Sunday, May 11, 2014

What Makes a Great Editor - Part Four

Perhaps to attain some measure of success as a writer, you have to be blessed with a guardian angel. If that's so, I was blessed beyond all counting. My guardian angel was short, bearded, with a twinkle in his eye, a Jeopardy-champ range of knowledge, a genuine belief in writers, the ability to recognize the best in a writer and develop it. His name was Bob Abel.
In 1963, a magazine called The Realist was starting to reshape the definition of American humor. It was an irreverent, unexpected breath of fresh air. Woody Allen wrote for it. So did Kurt Vonnegut and Lenny Bruce. So did Terry Southern, the screenwriter of Dr. Strangelove. So did Avery Corman, author of Kramer vs. Kramer. The Realist was the brainchild of eccentric comic genius Paul Krassner. The masthead read "Paul Krassner, Editor and Ringleader, Bob Abel, Featherbedder." Paul's was the name everyone knew, but it was but it was Bob who held it together, got it out on time, and read unsolicited manuscripts.
Incuding mine. I was a young college professor in the midwest, a graduate of the University of Iowa Writers Workshop, as stuffy as only a young college professor could be, and as full of himself as only a recent Iowa Workshop graduate could be. But I fell in love with The Realist's iconoclasm, and decided I could write for it.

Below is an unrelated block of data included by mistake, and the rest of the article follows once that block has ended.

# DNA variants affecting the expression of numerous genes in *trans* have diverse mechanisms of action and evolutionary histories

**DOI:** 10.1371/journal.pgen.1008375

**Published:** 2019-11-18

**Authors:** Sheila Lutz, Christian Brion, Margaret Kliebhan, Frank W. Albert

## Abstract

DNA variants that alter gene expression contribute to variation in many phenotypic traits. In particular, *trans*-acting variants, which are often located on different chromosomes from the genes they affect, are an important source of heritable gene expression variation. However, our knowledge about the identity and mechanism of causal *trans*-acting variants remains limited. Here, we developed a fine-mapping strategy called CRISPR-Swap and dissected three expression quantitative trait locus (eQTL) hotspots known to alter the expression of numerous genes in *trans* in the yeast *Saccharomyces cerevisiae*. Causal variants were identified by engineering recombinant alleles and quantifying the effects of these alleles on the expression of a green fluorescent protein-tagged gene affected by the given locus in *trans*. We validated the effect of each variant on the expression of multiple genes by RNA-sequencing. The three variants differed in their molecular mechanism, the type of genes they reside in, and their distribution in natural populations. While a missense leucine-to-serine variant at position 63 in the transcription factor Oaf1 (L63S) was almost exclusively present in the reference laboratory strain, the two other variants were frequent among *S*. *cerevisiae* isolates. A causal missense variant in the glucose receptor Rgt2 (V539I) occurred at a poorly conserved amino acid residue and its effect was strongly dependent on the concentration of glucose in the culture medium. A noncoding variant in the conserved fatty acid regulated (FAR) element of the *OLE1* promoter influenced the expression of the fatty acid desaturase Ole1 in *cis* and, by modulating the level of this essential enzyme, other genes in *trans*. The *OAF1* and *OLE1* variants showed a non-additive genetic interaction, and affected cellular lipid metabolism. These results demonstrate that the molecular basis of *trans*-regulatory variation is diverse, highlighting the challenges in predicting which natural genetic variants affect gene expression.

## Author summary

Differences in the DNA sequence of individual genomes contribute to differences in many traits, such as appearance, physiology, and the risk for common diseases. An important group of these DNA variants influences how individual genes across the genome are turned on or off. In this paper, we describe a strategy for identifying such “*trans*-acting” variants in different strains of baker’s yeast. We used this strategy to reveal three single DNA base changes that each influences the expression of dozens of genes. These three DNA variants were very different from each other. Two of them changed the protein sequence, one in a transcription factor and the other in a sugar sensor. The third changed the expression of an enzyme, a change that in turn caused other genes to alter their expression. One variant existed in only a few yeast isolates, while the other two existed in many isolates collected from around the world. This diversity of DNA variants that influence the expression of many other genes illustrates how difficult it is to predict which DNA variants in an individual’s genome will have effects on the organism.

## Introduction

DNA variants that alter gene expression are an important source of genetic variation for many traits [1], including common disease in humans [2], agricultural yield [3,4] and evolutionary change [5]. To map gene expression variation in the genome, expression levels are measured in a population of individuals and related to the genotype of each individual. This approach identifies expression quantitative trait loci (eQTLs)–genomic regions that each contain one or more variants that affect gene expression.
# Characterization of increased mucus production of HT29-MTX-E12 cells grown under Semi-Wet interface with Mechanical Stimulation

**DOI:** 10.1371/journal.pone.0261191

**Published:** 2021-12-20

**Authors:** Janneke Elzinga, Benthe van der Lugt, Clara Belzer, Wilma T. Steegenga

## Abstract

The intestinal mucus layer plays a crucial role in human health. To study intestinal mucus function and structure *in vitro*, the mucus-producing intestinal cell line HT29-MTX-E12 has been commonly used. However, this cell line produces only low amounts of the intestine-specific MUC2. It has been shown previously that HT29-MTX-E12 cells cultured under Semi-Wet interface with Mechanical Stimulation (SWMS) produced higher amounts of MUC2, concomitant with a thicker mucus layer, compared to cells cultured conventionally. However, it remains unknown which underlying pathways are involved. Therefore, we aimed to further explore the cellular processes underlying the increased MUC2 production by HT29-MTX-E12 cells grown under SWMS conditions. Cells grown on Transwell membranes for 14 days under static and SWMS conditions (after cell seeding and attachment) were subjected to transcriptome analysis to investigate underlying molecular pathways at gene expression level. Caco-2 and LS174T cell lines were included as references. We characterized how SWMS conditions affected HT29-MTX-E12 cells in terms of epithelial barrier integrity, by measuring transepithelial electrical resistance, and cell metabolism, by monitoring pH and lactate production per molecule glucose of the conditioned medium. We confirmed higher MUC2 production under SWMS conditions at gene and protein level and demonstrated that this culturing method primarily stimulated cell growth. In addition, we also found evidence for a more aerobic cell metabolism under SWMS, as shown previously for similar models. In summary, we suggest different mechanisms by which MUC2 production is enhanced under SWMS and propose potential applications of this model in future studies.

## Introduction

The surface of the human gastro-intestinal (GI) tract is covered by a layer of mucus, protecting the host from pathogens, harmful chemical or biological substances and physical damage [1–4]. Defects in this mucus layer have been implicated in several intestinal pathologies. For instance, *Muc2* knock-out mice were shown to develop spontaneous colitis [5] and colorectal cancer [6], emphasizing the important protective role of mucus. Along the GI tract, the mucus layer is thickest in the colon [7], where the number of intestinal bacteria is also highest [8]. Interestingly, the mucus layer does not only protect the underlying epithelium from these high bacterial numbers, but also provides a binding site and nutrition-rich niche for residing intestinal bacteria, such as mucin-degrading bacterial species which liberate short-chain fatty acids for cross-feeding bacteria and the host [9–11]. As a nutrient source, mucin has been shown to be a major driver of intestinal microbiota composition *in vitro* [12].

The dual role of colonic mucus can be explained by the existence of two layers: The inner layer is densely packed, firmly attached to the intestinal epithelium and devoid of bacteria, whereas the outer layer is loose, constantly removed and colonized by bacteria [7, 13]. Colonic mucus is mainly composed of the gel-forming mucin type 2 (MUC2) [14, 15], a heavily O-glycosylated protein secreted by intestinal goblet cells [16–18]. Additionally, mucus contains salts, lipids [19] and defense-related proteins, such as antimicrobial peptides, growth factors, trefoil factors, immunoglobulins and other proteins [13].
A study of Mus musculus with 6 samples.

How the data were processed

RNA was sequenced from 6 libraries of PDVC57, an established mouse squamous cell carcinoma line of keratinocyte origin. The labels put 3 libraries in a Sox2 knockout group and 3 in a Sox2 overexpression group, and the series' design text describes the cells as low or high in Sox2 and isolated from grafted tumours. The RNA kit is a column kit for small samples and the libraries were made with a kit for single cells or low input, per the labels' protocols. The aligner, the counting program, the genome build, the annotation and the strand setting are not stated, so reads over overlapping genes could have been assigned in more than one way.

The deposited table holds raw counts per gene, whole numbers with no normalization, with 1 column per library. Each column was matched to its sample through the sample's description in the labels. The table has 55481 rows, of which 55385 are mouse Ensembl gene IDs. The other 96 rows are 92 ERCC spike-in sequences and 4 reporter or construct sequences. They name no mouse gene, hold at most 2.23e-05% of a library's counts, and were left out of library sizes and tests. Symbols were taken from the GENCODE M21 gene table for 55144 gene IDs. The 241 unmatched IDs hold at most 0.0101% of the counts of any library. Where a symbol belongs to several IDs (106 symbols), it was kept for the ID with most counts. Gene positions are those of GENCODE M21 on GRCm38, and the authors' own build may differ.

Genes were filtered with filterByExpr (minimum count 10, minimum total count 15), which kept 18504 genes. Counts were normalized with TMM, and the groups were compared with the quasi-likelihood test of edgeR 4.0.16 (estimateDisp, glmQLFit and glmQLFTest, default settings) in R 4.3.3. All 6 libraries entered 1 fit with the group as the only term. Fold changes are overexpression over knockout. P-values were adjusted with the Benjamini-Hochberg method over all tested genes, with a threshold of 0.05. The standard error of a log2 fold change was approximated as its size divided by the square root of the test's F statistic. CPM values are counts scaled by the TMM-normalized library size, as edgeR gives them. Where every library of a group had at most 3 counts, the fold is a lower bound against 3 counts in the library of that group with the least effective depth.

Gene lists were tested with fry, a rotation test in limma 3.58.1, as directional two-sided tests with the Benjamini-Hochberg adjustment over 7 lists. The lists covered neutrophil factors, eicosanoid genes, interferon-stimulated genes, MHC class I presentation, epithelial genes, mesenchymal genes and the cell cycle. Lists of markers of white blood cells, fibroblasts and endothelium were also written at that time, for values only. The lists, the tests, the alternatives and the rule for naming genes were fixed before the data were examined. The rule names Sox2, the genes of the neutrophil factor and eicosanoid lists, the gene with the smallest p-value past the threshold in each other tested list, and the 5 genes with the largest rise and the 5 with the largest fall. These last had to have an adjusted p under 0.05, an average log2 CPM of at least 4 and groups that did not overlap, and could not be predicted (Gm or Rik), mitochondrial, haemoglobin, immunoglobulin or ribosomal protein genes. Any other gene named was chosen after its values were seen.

I was valuing myself much too highly. The first piece I submitted to them took on the televised state funeral for General MacArthur -- an attempt, as I saw it, to cash in on the great ratings garnered by the state funeral for President Kennedy. I expounded on this over seven pages of pompous writing. I thought it was wonderful. It was awful.
I sent it in to The Realist, expecting kudos and congratulation from Paul Krassner. Instead, and fairly promptly,  got a response from someone named Abel, telling me, in essence, that my manuscript was pompous, stuffy and dull...but that there was a funny idea on page seven that could maybe be developed.
Who reads a stuffy, dull manuscript from an obscure midwestern college professor all the way through, is perceptive enough to find one funny idea buried on the seventh page and generous enough to write the author and encourage him to rewrite and resubmit the piece? How did he know I had it in me to write something less stuffy?
The idea that struck Bob's fancy was a TV game show called "Celebrity Funeral." And he was right. Nothing else in the essay was funny at all; that had a chance to be. I rewrote the piece, resubmitted it, and it began my career-of-sorts as a regular contributor to The Realist. You can find it now online at The Realist Archive Project
That all by itself would qualify someone for guardian angelship. But it was just the beginning of Bob's benevolent influence on my career.